Inside Big Bullets’ takeover proposal


TNM Super League giants, Nyasa Big Bullets have submitted an ambitious proposal to their sponsors Nyasa Manufacturing Company (NMC) to kick-start the takeover process.

At the club’s last Extra Ordinary General Meeting (EGM) in Lilongwe, delegates agreed to transfer ownership of the team to the company to fully commercialise it.

The club’s stakeholders officially tabled the matter at an Annual General Meeting in February this year at Gymkhana Club in Zomba.


The meeting agreed that while it was imperative for the club to go commercial, the process needed to be given time to avoid messing up the club’s future.

Before that, Bullets’ players and the Stone Mwamadi-led supporters committee had openly spoken of their desire to see NMC take over the club and run it as a business.

The club’s board of trustees and executive committee were hesitant to weigh in on the matter immediately but backed the commercialization drive during the Gymkhana Club AGM.


However, a section of the club’s followers, led by former chairman, Kondi Msungama, resisted the takeover, arguing that Bullets is a community team and cannot be owned by any single entity.

Msungama even threatened to seek a court order to stopping the selling of the team.

Calls for the team to go commercial gathered more momentum with news that the club was deep in the red after blowing up a good chunk of its K500 million five-year sponsorship package with NMC.

This resulted into officials publicly declaring that they were digging deep into their pockets to enable the team fulfil its fixtures.

The officials then called for the EGM to iron out several issues and map the way forward.

The club’s ownership was one of the most pertinent issues and a unanimous agreement was reached to sell the club, with NMC being given the first opportunity to own the country’s most successful football club.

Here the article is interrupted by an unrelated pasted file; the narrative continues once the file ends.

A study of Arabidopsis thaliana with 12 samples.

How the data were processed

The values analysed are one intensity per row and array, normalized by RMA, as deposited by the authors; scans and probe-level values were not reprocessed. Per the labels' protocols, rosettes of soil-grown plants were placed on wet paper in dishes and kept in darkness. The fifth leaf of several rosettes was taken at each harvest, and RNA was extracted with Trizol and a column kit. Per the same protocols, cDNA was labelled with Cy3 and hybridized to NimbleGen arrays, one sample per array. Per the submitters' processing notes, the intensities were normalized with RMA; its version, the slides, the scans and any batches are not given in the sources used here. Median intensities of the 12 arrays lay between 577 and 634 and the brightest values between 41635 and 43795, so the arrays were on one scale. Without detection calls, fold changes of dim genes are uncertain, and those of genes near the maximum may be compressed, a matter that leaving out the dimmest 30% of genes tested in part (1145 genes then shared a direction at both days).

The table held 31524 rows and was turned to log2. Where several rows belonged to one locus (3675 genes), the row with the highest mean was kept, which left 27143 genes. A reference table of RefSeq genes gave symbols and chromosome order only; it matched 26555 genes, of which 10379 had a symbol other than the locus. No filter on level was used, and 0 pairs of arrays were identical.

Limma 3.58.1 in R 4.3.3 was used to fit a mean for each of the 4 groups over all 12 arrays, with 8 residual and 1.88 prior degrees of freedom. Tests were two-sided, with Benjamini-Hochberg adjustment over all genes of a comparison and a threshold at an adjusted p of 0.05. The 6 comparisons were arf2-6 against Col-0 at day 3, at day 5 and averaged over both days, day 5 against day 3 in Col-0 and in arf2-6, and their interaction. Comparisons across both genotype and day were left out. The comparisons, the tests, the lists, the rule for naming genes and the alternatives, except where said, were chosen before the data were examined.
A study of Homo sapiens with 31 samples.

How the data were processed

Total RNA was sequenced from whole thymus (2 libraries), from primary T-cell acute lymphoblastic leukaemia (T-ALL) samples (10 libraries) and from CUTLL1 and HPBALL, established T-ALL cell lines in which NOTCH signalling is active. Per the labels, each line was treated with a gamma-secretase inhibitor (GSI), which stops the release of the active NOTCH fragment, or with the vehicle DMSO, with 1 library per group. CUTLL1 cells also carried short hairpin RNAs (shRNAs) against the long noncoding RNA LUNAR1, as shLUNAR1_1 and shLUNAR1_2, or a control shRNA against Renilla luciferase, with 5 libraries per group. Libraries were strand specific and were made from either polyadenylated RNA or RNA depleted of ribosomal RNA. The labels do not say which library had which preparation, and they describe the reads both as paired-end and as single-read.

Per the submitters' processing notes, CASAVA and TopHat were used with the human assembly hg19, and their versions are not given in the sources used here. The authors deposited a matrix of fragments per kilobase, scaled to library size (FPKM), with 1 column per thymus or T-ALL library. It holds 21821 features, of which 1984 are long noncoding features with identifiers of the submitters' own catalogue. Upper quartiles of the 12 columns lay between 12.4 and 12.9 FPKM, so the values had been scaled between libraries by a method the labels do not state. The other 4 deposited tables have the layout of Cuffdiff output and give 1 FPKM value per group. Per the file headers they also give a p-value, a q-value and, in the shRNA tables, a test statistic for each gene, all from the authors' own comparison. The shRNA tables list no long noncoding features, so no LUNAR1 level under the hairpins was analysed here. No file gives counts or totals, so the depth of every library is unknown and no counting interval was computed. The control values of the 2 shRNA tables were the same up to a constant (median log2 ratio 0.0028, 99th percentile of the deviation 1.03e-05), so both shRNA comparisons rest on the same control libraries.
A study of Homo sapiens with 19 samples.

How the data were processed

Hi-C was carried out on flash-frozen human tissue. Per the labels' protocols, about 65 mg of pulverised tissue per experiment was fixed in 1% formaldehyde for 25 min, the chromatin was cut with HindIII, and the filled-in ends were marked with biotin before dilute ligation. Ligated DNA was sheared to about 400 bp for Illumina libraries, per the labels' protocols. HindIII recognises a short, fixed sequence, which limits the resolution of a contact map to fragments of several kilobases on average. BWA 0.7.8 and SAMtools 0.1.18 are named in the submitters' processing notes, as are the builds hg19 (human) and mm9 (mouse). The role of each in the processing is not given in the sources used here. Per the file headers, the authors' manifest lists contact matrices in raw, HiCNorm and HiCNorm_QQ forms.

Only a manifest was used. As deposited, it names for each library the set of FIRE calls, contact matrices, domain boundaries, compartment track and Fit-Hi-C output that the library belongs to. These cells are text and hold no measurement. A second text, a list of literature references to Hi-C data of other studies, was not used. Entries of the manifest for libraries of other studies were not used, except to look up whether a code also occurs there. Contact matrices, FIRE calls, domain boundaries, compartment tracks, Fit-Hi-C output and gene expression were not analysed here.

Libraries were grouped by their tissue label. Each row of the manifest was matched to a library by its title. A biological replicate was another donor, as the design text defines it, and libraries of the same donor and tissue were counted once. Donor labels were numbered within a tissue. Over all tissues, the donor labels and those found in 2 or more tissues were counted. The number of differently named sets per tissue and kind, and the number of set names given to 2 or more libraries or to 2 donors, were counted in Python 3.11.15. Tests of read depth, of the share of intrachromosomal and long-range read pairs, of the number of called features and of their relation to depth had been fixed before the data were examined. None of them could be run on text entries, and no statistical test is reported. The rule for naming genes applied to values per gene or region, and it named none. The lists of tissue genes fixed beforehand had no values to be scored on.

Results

The meeting agreed that the process should be finalised within a period of 60 days. And with over a month gone, details have emerged that the team submitted a proposal to the company in which they set strict conditions ahead of the take over.

Bullets chairperson, Noel Lipipa, said as part of the proposal, the club had requested that NMC should set up a football academy, build a 30,000-seater stadium and buy two buses for the team.

In addition, Lipipa disclosed that they have also requested the company to build what he called Bullets Village and three club houses.

“We have already submitted the proposal and we are waiting for feedback from them. We offered the company a chance to take over because it showed serious interest in the team since it started sponsoring us,” Lipipa explained.

“After the response, we will call for another meeting to brief the stakeholders on the progress of the take over. The meeting will make a decision whether to stick with NMC or look for other partners.”

However, Lipipa could not disclose if there were other potential partners of the team. When contacted on Wednesday, NMC Director of Finance, Fleetwood Haiya, said the matter was being handled internally at the moment.

“After finalizing the process, we will be able to announce the outcome at an appropriate time,” Haiya said.

After 60 days, the Trustee called Bullets will no longer exist to pave way for complete take over of the team.

The take over will also mean Executive and Supporters Committees will be abolished.

Bullets and NMC signed a five-year K500million sponsorship deal but the club has already exhausted three-quarters of the sponsorship.

The People’s Team remains without any valuable assets despite being in existence since the late 1960s.

The club has changed hands between several sponsors like Bata Shoe Company, fuel and lubricants marketing firm Total, former President Bakili Muluzi, Msiska twin brothers Phaskani and Fumu trading under the name Cifu Group and the present NMC.

Efforts to commercialise the club were initiated by some administrators who registered a company called Bullets Holdings to run the club.

But the move did not bear fruits as a section of the team’s supporters forced the group out of the club, saying they were not helping the players.

Should the takeover proposal be successful, it will be a landmark in the country’s football administration as club’s are failing to run as commercial entities.

According to records obtained from Super League sponsors TNM’s supporters’ promotions, Bullets is the team with the biggest fan base and only needs to turn the massive support on the ground into business.

It is a common sight at football matches and in markets for vendors to sell assorted items under the Bullets brand but the proceeds do not go to the team.

Perhaps the takeover will change the country’s football landscape for the better and turn our game into a money-spinning venture that would contribute to the ailing economy.